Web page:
You may have seen media reports today suggesting that Southwest Airlines has caved on its employee vaccine mandate under mounting pressure from flight attendants and pilots. It’s actually much more complicated.
No, Southwest Has Not Caved On Vaccine Mandate, But Has Updated Its Exemption Timeline
It’s true: Southwest Airlines told employees that it will not place unvaccinated employees who were not approved for a religious or medical exemption on unpaid leave starting December 8th, the federal deadline for government contractors.
Julie Weber, Southwest’s Senior Vice President and Chief People Officer, told employees in a memo that they if their exemption request had not been approved, they could continue to work beyond the December 8th deadline while wearing masks and following distancing guidelines.
Employees have until November 24th to seek an exemption. Up until now, Southwest Airlines had told employees that were not exempt would be placed on unpaid leave on December 8th.
But that’s not the end of the story. The memo indicated this would be on a temporary basis until the exemption request was resolved. It also does not apply to those who did not seek an exemption and still refused to be vaccinated.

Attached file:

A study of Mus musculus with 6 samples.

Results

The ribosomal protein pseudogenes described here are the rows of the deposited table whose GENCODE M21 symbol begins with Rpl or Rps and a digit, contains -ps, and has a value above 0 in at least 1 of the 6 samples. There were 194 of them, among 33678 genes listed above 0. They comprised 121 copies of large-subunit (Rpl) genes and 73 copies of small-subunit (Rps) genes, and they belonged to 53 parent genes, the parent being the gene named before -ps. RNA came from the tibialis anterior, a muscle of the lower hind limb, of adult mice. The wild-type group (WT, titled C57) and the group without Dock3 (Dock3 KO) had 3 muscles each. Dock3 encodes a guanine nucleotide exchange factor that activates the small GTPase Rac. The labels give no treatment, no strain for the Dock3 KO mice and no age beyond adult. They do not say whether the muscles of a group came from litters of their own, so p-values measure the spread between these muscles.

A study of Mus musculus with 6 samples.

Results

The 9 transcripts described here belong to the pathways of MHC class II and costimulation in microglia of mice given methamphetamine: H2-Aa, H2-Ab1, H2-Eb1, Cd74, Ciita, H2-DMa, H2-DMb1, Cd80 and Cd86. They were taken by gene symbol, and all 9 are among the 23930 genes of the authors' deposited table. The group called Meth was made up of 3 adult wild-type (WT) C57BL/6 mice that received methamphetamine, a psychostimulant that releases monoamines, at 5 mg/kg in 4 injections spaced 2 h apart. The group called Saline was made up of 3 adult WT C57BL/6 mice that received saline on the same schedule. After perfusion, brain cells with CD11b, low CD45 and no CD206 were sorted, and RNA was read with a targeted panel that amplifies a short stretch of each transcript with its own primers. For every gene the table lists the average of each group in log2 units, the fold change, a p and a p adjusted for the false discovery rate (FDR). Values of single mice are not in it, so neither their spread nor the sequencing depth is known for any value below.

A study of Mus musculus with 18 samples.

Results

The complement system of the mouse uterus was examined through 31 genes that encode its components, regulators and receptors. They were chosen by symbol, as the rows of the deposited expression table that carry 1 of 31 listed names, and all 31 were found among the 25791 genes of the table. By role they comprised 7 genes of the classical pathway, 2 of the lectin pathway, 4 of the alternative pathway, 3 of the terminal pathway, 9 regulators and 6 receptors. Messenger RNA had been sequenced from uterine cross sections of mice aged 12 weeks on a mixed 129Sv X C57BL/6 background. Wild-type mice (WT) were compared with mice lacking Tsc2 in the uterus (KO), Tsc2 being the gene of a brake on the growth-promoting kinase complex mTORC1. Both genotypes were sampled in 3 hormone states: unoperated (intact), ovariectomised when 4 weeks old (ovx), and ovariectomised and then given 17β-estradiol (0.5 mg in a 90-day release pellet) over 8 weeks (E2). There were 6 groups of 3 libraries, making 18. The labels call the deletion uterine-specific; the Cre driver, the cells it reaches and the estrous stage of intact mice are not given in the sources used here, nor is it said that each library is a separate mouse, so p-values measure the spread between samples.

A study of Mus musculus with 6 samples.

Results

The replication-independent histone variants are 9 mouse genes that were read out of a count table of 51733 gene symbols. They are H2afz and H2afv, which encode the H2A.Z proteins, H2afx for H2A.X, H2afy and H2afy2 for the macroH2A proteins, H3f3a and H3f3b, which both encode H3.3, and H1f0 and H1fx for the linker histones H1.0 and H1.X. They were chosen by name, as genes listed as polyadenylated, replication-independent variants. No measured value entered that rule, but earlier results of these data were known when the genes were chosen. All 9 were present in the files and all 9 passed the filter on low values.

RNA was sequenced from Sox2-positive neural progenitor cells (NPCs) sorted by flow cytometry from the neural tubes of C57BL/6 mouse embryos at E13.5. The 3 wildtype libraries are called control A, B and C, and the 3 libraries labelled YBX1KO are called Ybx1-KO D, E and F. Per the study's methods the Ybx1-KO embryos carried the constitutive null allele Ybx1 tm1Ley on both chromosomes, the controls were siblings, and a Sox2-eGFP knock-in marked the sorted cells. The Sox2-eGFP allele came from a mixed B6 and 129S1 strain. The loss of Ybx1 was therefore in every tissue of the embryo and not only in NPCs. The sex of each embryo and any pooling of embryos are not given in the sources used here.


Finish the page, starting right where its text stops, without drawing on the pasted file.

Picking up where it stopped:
The Exemption Wink-Wink, Nudge-Nudge
Pilots and other employees picketed yesterday in Dallas over the mandate. The Association of Professional Flight Attendants, the union that represents AA cabin crews, has assured flight attendants “unlike the approach taken by United, [Southwest is] exploring accommodations that would allow employees to continue to work.” United plans to place employees who have been granted an exception on unpaid leave, though a federal judge has temporarily blocked that move while a lawsuit is pending.
American and Southwest Airlines intend to allow employees who have received an exemption to continue to work, subject to testing requirements currently under consideration.
It continues to be my belief that exemptions will be liberally granted, allowing Southwest and American to “save face” by complying with federal law, while at the same time granting exemptions for “sincere religious beliefs” without deeply questioning such convictions.
There will be some employees who simply refuse to seek an exemption, arguing they should not need to seek an exemption to be spared from a mandatory vaccine. But for the most part, employees will be able to keep their jobs simply by asserting a religious or medical reason for their decision.
Contrary to some reports, Southwest has not caved in on the mandate. However, it will no longer place employees on unpaid leave who have an exemption request pending or were recently rejected (and there is no indication that anyone has been rejected).
The takeaway, however, is that Southwest and American are encouraging employees to file for exemptions and unions are aiding this effort, a marked contrast from United Airlines and the unions representing its front-line employees.